Nova Scotia

N.S. wind turbine plant lands first contract

The new Daewoo wind turbine plant in Trenton, N.S., has landed its first contract, its sales director confirmed Thursday.
Work is continuing to transform the former TrentonWorks railcar manufacturing plant for Daewoo Shipbuilding and Marine Engineering. (CBC)

The new Daewoo wind turbine plant in Trenton, N.S., has landed its first contract, its sales director confirmed Thursday.

James Glennie said a company based outside the province has contracted Daewoo Shipbuilding and Marine Engineering to build towers for turbines that will be set up somewhere in Nova Scotia.

He said a formal announcement will be made in about a month.

Glennie wouldn't say how many towers will be built, but he said the order is a small one, amounting to about three or four months of manufacturing time.

"The nature of the grid in Nova Scotia is such that you won't see large projects," he said after a speech to the Offshore/Onshore Technologies Association of Nova Scotia.

He said Daewoo is close to signing two other contracts, which has come as a surprise, considering the plant isn't expected to start production until later this month.

The wind energy industry is in the midst of a slump, but the Trenton plant should be kept busy because the Nova Scotia government is requesting proposals for more wind farms, Glennie said.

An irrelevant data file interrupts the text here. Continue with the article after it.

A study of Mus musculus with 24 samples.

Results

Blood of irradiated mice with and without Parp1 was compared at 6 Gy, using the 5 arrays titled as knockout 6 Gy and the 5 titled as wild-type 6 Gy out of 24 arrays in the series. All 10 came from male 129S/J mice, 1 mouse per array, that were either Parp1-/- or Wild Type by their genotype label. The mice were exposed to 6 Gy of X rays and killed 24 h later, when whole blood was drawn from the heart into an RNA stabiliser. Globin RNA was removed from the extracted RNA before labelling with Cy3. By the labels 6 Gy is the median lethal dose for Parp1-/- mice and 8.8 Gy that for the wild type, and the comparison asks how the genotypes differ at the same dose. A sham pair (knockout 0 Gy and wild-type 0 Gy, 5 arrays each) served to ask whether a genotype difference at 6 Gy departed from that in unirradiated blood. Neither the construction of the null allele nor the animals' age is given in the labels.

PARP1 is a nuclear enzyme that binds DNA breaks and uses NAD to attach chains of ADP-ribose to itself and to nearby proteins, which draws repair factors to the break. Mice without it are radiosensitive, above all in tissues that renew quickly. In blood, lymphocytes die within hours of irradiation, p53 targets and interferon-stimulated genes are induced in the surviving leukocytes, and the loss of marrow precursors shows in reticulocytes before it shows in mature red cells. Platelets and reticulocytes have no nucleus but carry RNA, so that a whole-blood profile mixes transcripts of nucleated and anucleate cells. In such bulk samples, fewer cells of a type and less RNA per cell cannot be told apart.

Last October, the province announced Nova Scotia Power and Daewoo had agreed to work together to build and use made-in Nova Scotia wind towers and blades.

"We're in a tough market, but there's still an awful lot of interest in wind energy, particularly in this part of the world," Glennie said.

He told the industry group that Daewoo is hoping to build towers for the growing wind energy market in the northeastern United States. As well, there is the potential to supply towers for offshore wind farms, given the rapidly developing technology for super-conducting transmission cables.

"It's a long-term talking process," he said. "When you're talking about heavy industry, safety and quality are paramount. There's a long discussion and negotiation process."

The former TrentonWorks railcar manufacturing plant closed in 2006, but the Korean company revived the operation last year after the Nova Scotia government agreed to invest $60 million in a $90-million refit.

The province has a 49 per cent equity stake in the operation.

Conversion of the plant began last August.

The plant has been outfitted with huge plasma cutters for ripping steel sheets, giant rollers for shaping tower components and heavy-lift cranes capable of lifting up to 40 tonnes.

About 90 people are now working at the refurbished plant. If the wind energy market picks up, the plant could employ over 350 workers by 2012-2013, Glennie said.

Earlier this year, company officials said up to 400 workers are expected to be hired by the time the operation is ready to manufacture turbine blades, probably by the end of the year.

However, Glennie said the company is still assessing that option.

The Trenton operation is Daewoo Shipbuilding's first foray into manufacturing for the wind energy sector.

In 2009, the company acquired DeWind Inc., an American wind turbine engineering company.